That was the conclusion of attorney Jamey Delaplane, a specialist in the Employee Retirement Income Security Act (ERISA), with the Washington, D.C., law firm Davis & Harman who appeared in a Thursday Webinar hosted by the Women’s Pension Exchange. The Women’s Pension Exchange is an organization launched and supported by PLANSPONSOR and Whitmore Retirement Solutions.
A key theme sure to continue driving much of the upcoming activity at the U.S. Department of Labor (DoL), at the Securities and Exchange Commission (SEC), and among Congressional lawmakers is an effort to reform the way retirement plan fees are charged and disclosed to plan sponsors and participants, Delaplane said.
He explained that a good deal of the Washington emphasis on plan fees centers around the DoL’s three-part regulatory project on which the agency is “marching forward,” which includes:
- Significant changes to Schedule C of the Form 5500 disclosing a detailed summary of fees- including still controversial revenue sharing arrangements- that are expected to be effective with the 2009 plan year,
- Enhanced provider disclosure to fiduciaries as part of the DoL’s 408(b)(2) effort, “Providers are the ones in possession of the (fee data) and that’s where the bulk of the legal responsibility will fall,” the attorney said.
- Fee disclosures to participants – a component Delaplane said is likely to be completed during the first quarter of 2008.
A prominent subtext to the proposed disclosure debate, according to Delaplane, is how detailed the new rules should be on disclosing individual fees for particular plan services – particularly if those services are sold on a bundled basis. He said the DoL is not likely to require disclosing information on each piece of a service bundle, but instead is likely to concentrate on: “What does a fiduciary really need to know?”
“It’s clearly one of the biggest challenges the DoL is facing on the fee disclosure issue,” Delaplane added (See DoL Asks For Advice on 401(k) Fee Disclosures ).
For its part, Delaplane commented the SEC is preparing a rule requiring simplified mutual fund disclosure, including information contained in a prospectus, which he said the DoL is likely to use as a regulatory template for other required participant disclosures (See SEC Turning its Attention to 12b-1, 401(k) Disclosures ).
Miller as a Key Retirement Reform Player
Delaplane acknowledged that Representative George Miller (D-California) has become a prime legislative mover in the retirement services area with his own proposed disclosure bill that has drawn a good deal of industry opposition as being overly radical (See 401(k) Fee Disclosure Proposal Draws Industry Criticism at Committee Hearing ).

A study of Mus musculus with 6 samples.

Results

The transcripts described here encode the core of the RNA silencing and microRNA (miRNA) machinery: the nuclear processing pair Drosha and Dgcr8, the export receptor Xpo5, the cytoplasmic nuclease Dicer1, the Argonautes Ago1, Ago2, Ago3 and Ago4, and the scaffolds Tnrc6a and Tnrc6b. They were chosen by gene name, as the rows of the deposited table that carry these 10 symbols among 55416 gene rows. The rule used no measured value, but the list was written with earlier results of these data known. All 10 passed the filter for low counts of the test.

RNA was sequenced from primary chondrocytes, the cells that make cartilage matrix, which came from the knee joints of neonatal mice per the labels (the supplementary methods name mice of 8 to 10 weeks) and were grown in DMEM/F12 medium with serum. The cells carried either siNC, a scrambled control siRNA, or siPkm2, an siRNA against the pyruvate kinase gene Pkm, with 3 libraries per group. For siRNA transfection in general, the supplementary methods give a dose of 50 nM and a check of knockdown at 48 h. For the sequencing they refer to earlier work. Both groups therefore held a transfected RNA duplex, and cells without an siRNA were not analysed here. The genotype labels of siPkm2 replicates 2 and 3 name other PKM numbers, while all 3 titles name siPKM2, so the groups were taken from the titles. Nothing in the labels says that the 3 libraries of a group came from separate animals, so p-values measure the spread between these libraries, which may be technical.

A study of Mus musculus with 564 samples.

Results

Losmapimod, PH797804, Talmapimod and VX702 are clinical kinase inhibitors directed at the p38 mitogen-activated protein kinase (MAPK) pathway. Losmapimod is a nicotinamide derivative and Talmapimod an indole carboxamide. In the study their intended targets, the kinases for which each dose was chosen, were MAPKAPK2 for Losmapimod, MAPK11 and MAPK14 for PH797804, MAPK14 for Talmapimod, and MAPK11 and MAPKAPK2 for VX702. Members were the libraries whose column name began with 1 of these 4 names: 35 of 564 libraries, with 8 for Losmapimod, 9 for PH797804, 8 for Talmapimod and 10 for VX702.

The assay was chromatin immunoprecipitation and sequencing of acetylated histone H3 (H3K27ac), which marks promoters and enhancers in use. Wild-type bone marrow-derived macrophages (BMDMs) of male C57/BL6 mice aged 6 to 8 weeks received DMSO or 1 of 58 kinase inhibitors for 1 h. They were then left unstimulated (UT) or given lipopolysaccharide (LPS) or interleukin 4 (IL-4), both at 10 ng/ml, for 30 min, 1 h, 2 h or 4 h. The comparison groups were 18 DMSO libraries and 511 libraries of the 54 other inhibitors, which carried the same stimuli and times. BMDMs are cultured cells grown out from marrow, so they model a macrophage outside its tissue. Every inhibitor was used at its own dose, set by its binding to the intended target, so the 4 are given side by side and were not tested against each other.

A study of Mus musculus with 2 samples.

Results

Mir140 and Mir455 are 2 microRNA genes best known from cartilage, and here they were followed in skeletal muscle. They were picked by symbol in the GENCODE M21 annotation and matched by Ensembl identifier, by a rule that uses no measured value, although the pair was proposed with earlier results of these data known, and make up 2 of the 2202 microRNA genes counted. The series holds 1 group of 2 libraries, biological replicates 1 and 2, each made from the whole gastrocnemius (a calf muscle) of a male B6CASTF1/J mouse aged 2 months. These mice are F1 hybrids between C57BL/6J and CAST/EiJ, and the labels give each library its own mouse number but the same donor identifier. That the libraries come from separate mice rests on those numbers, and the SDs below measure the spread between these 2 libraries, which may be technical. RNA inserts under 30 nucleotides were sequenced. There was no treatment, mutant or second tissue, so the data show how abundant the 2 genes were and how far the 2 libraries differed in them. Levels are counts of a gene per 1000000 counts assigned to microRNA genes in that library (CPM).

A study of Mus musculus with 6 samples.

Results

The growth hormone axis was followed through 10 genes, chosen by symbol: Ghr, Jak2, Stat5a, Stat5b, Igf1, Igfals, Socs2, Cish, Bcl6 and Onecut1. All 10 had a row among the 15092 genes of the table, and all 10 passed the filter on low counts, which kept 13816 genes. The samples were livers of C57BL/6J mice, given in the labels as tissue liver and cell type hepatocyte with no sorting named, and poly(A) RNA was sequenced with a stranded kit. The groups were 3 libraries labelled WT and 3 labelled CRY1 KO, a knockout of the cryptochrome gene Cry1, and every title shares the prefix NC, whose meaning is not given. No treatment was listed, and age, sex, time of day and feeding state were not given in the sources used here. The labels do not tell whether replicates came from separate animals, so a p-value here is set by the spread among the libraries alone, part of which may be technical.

Even if he is unable to get his bill out of the House – despite political alliances with House Speaker Nancy Pelosi (D-California) – Miller will still “help to shape the debate,” Delaplane noted.
The attorney said Miller and other lawmakers may be reacting to a sense of frustration that the Bush Labor Department has moved too slowly in the retirement plan reform area, and that Congress needs to help goose the process.
Representative Richard Neal (D-Massachusetts) has an alternative fee disclosure bill to Miller's, which Delaplane said is considered less radical (See Legislation Targets Employers Without Retirement Plans ). There has also been activity on the Senate side with a bill expected from Senators Tom Harkin (D-Iowa) and Herb Kohl (D-Wisconsin) (See Kohl to Unveil Senate Version of 401(k) Fee Disclosure Legislation ).
Delaplane predicted a fee bill could move out of the House in 2008, but that getting a Senate companion through the system could be significantly more difficult.
More likely to come out of Congress during 2008 are bills giving more retirement plan rights to returning military service members (See HEROES Act Headed to House for Consideration ), imposing a limit on compensation deferrals as part of a non-qualified deferred compensation plan under 409A (See Special Report: Deferred Comp: Now You See It ), and making a series of technical corrections to the Pension Protection Act passed last year.
Also during Thursday's Women's Pension Exchange Web discussion, Delaplane spoke on the new Qualified Default Investment Alternative (QDIA) rules (See More Details of Final QDIA Regulation Emerge ). He said DoL regulators have promised to release a detailed list of questions and answers dealing with particular scenarios on how various provisions are to be implemented.
Even though there are not likely to be many Washington fireworks in relation to retirement plan issues before the 2008 elections, Delaplane pointed out that the discussions are still important because they will shape the continuing debate during the presidential campaign.
They will also play a key role in shaping discussions of future tax policy when many of the Bush tax cuts expire in 2010, he said.